GREEN TOWNSHIP, Ohio — On a typical Wednesday afternoon, one might find a few people walking through Phyllis Stewart's neighborhood in Green Township, but the streets would be mostly clear of foot or vehicle traffic.
But these aren't typical times.
Stewart, who has made walking through her neighborhood a routine over the last eight years, said now she sees a lot more of her neighbors out taking walks at all times of the day.
"Tons," she said. "And not only do I see them doing that, but when it was really warm the other day, they were sitting in their respective driveways, in their lawn chairs -- 6 feet apart -- just having a great time."
Before the outbreak of the novel coronavirus, COVID-19, Stewart's daughter, Katie, would sometimes join her on her walks through the neighborhood. But now -- to avoid risk of spreading the disease -- they can't take those walks side-by-side anymore.
Instead, the two women take those walks "together" by phone, and what used to be a once-in-a-while tradition when they both could find the time has become a central part of their daily routine.
In fact, they feel closer despite the distance they have to maintain.
"We give each other pep talks when it's necessary," Stewart said. "We calm each other down. It's like we're just more in sync than we were before."
'I can't pay attention to anything else'
On Kate Stewart's end of the line, she's usually walking through Burnet Woods, on one of the 90-acre park's walking trails. After a large portion of the city's workforce began working from home or not working at all to comply with a stay-at-home order in place throughout Ohio, she said she's noticed an uptick in people hiking through the city park.
"It's really crowded. There are tons of people fishing, which I never would have considered, but it seems to be really popular," she said. "There have been a lot more people out than normal."
Trail use across the Tri-State has surged in recent weeks, according to Wade Johnston, executive director of Tri-State Trails.
"In this moment of crisis, people all over the world are turning to the outdoors, like public green spaces and trails and parks, to find a moment to disconnect and to experience nature," Johnston told WCPO.
His organization keeps year-round traffic counts on multiple walking, hiking and biking trails throughout the region. He said some have seen a 10% increase in traffic year-over-year versus March 2019. Other trails have seen a 65% surge.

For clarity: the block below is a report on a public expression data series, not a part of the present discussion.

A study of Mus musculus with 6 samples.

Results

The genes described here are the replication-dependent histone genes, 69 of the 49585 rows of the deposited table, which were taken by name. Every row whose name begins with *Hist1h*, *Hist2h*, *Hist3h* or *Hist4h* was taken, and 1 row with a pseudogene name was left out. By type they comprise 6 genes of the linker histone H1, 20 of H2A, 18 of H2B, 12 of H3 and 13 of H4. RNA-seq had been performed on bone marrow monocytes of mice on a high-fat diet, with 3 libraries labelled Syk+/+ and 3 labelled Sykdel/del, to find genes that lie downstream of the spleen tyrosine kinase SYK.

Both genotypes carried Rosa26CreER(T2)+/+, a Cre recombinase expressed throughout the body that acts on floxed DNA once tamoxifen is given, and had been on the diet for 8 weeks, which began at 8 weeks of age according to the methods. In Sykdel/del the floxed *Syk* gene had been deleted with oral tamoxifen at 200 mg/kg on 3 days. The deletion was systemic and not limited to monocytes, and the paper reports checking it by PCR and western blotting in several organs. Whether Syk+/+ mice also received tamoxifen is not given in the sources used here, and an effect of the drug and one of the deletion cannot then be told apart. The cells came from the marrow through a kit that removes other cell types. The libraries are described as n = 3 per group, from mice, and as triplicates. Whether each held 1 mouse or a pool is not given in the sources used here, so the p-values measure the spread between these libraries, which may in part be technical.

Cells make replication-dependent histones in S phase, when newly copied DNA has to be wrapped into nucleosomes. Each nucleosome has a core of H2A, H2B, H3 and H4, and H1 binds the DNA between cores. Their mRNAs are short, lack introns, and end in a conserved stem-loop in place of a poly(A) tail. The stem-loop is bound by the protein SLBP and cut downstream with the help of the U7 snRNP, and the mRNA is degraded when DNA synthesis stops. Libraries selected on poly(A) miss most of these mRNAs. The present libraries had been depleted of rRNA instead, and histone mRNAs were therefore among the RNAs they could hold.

Johnston said the urge to get outside is a natural reaction to the "cooped up" feeling that comes with a stay-at-home order.
"We're all in this harsh reality right now, and I think that, for so many people, getting outside has offered an opportunity to experience something that's not a screen and to get some physical exercise," he said.
For the Stewarts, it's created a sense of closeness that they said wasn't there before -- at least not in the same way. Phyllis Stewart said that talking over a distance by telephone meant their conversations have gone deeper than they might have before in person.
"I can't pay attention to anything else because she's in my ear," she said. "If she’s talking to me, a lot of times I’m washing dishes. I’m looking at my computer screen. She’s doing the same thing. This way we’re just one-on-one with each other. That makes it deeper to me."
'The one place people are turning to'
If large crowds continue to congregate at local parks and trails, authorities might feel compelled to act.
"Most of the trails are 12 feet wide, and if there’s a lot of people out there on a sunny Saturday, it’s going to be hard to maintain a social distance passing somebody or interacting with someone," Johnston said. "If we continue to see groups congregating, the police are going to break things up and potentially parks could shut down."
City officials quickly had to respond to reports of large crowds of people gathering at multiple city parks the first week into Gov. Mike DeWine's statewide stay-at-home order. That response included blocking vehicular traffic into some of the city's most popular parks, including Burnet Woods.
"I was surprised that it wasn’t more crowded today because typically there are people everywhere," Katie Stewart said. "There have been a lot more people out than normal."
Johnston views this as an opportunity for people looking to get outdoors to find a place where others might not have explored.
"Now’s a great opportunity to experience a trail that you’ve never been to," he said. "You can find a trail that’s maybe new to you in a destination that’s maybe a little less trafficked, and that’s a great way to ensure that you’re going to be somewhere that’s going to have fewer people and allow you to maintain social distancing."